Please (Don't) Tag the Author

02/01/2020

Today's tempest in a toilet comes courtesy of the Hellsite. An award-winning author had the effrontery to suggest that fans aren't necessarily doing authors a favor by tagging them when they share a review of their work on social media. Their opinion seems to be that it's safest from a professional standpoint to not engage with reviews at all, whether they praise a work or excoriate it, so they'd rather not hear about them in the first place.

The feuds between authors like Norman Mailer and literary critic Michiko Kakutani comes to mind. Rather than be grateful for Kakutani's attention or simply ignoring her negative reviews, Mailer resorted to hurling racist and sexist insults. It might have been better for Mailer (as well as Franzen, Wallace, etc.) if he had instructed his publicist to refrain from bothering him with reviews.

Naturally, some people are less than pleased with this take. The prevailing opinion based on the response to which I linked and others appears to be one or more of the following:

Admittedly, my interpretation isn't necessarily the most charitable, but that's because my sympathies lie more with authors who would rather not be tagged on social media when a stranger shares a review of their work. This is what I think, which I had posted over there.

The person to whom I replied had this to say. While their opinion is valid, I don't agree with it and there's enough to unpack that I'd rather do it on my website instead of in a Twitter thread.

While "authors are readers, too", authors are also human beings. While we can simply ignore reviews, it's easier to do that when people aren't actively trying to bring them to our attention.

Then there's the notion that if you're on social media you will be exposed to the world, and that having more followers will help your book sales. I don't buy this. I once had 20,000 followers on Google+ and about 2,000 on Twitter (on an old account). On the former, I suspect most of them followed me because an algorithm recommended me, and not because they actually gave a damn about my writing. On the latter, I remember most of them being bots and authors hawking their own books.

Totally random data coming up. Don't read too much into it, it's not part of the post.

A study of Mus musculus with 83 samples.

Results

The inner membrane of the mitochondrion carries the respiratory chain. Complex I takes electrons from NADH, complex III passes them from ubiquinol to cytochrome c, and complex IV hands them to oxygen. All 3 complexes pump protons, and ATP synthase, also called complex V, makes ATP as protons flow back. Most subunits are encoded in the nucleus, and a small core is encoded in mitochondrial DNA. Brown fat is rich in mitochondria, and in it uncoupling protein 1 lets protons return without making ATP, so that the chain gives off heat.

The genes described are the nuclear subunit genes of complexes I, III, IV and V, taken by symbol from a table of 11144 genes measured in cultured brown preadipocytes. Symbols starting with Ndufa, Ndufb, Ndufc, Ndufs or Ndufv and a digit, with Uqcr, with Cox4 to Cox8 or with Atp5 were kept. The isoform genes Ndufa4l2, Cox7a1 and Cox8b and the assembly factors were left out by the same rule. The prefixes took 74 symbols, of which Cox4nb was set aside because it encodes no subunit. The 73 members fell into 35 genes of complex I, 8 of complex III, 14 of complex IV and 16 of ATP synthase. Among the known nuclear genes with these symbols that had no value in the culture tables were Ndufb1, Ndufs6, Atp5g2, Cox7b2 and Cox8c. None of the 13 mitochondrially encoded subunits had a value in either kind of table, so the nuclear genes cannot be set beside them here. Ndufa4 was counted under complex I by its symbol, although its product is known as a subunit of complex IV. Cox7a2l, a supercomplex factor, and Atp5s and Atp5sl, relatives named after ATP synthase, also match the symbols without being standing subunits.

For this reason and others, I don't think that having followers leads to book sales. I think that if you're selling books, you'll end up with followers. If you look at who follows whom on social media, you'll notice that the people with the most followers are either:

One might suspect that people with lots of followers have either already made it, or are trying to fake it until they make it. Regardless, I'm not convinced that trying to win popularity contests on social media will do much for book sales.

Finally, we come to the notion that we should not support ungrateful or disrespectful authors. I think this objection can best be answered by paraphrasing Neil Gaiman and saying that Elizabeth Bear is not your bitch.

Readers have the right to grant or withdraw their support at their pleasure, and likewise for reviewers and book bloggers. However, when a book blogger suggests that an author is somehow disrespectful or ungrateful because they don't want to be tagged on Twitter by people posting reviews, I think they're projecting. If all a book blogger cared about was helping an author out, they could have simply written the review, posted it, and shared without tagging the author on Twitter.

However, I suspect the motives of book bloggers who tag authors they don't know. I think such reviewers are being selfish, and hoping to promote themselves and get more exposure for their blogs by getting authors' attention. To be clear, I have no objection to this, or to selfishness in general.

What I find objectionable is the hypocrisy and mendacity of reviewers seeking attention while insisting that they're doing authors a favor. My opinion on the relationship between readers and authors is as follows: if you buy a book, the only thing the author owes you is your money's worth. They don't owe you their time or attention, and whatever gratitude or respect they owe you is due to our common humanity, and not because you bought their books, reviewed them, or followed them on social media.